The Mackinac Bridge, USA

The Mackinac Bridge

The Mackinac Bridge (pronounced MACK-in-aw, and affectionately known as the “Mighty Mac” or “Big Mac”), is a suspension bridge spanning the Straits of Mackinac to connect the non-contiguous upper and lower peninsulas of the U.S. state of Michigan. Envisioned since the 1880s, the bridge was completed only after many decades of struggles to begin construction. Designed by the engineer David B. Steinman, it connects the cities of St. Ignace on the north end with Mackinaw City on the south.

The bridge opened on November 1, 1957, and a year later was formally dedicated as “the world’s longest suspension bridge between anchorages”. This designation was chosen because the bridge would not be the world’s largest using the customary way of measuring suspension bridges, the length of the center span between the towers — that title already belonged to the Golden Gate Bridge, which has a longer center span. By saying “between anchorage”, the bridge could be considered longer than the Golden Gate Bridge, and also longer than the suspended western section of the San Francisco-Oakland Bay Bridge. (That bridge has a longer total suspension, but is a double bridge with an anchorage in the middle.)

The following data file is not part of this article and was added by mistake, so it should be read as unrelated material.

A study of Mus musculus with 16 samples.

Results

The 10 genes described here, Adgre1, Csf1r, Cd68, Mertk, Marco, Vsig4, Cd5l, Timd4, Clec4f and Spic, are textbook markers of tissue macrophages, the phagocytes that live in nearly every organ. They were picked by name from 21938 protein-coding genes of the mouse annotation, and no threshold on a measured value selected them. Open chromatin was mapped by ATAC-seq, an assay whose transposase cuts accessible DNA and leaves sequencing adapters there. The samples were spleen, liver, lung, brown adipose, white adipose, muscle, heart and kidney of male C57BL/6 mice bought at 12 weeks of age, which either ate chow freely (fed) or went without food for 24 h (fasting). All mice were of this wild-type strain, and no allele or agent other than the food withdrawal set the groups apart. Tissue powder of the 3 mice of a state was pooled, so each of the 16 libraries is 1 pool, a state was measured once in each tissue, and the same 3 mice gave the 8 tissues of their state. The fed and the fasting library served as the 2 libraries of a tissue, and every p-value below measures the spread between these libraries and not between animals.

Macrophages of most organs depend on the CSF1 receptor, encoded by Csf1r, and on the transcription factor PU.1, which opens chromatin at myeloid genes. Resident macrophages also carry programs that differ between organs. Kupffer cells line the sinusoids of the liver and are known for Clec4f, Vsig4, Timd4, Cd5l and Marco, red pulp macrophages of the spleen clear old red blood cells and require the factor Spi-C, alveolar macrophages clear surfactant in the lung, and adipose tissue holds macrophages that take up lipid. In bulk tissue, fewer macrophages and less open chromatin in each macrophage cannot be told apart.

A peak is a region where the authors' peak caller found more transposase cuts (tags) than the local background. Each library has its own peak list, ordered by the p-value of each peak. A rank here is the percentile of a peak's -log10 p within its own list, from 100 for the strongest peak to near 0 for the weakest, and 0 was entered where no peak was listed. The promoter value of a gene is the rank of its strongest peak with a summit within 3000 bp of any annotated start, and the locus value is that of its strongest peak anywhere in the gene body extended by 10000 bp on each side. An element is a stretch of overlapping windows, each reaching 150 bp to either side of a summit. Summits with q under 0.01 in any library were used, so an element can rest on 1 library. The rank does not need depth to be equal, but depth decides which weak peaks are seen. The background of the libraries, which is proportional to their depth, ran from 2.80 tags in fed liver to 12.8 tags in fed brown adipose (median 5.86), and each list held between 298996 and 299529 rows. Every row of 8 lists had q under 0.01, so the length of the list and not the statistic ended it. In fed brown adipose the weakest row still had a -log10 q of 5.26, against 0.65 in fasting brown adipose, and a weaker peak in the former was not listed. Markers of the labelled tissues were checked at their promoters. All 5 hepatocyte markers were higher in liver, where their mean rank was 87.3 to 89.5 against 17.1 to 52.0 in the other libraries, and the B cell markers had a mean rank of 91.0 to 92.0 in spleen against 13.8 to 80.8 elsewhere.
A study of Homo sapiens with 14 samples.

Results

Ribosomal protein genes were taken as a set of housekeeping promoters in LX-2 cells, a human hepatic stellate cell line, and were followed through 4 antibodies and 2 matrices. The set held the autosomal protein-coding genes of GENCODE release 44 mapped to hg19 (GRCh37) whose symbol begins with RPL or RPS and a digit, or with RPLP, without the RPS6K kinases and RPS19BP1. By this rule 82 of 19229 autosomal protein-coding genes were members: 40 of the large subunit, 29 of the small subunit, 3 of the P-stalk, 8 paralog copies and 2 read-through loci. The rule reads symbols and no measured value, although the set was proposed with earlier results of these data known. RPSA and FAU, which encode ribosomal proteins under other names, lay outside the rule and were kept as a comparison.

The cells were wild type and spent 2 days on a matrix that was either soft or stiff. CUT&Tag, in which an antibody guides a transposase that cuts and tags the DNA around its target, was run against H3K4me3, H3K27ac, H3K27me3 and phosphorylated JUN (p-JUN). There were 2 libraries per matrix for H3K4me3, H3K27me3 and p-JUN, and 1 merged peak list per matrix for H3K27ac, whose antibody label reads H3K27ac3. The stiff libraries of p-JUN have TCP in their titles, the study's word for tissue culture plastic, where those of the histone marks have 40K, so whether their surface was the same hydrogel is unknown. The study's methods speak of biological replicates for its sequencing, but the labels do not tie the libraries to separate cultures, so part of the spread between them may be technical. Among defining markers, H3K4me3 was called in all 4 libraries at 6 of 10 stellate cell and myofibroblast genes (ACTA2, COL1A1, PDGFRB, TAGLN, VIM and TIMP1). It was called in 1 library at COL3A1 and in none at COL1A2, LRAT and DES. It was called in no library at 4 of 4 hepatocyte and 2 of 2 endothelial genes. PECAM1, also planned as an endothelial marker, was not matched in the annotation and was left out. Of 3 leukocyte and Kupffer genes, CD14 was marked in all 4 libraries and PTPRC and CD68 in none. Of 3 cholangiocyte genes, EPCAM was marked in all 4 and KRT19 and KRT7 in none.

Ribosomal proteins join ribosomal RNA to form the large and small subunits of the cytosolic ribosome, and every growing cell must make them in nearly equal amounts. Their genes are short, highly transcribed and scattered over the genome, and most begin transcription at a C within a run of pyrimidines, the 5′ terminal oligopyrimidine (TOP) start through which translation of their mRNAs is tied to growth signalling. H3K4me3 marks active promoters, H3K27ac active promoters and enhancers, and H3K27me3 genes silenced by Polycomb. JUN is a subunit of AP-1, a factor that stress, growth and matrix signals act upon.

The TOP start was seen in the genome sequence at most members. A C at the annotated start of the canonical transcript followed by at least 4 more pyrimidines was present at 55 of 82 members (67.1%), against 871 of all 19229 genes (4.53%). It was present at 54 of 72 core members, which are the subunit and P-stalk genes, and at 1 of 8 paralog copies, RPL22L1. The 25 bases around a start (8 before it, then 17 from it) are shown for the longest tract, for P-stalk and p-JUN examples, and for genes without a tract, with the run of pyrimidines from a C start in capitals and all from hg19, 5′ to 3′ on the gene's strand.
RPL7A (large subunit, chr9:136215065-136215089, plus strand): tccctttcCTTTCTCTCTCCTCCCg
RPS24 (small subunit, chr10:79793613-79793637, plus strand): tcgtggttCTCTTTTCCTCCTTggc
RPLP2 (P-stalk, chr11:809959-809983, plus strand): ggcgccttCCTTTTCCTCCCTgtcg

The Mackinac Bridge is still the longest two tower suspension bridge between anchorages in the western hemisphere, but has fallen to third longest world-wide. The combined length of the three spans of the bridge (including anchorages) is 8,614 feet (2,626 m). In 1998, the Akashi Kaikyo Bridge in Japan became the longest with a total suspension of 12,826 feet (3,909 m).

The length of main span is 3,800 feet (1,158 meters), which makes it the third largest suspension span in the USA and tenth largest worldwide.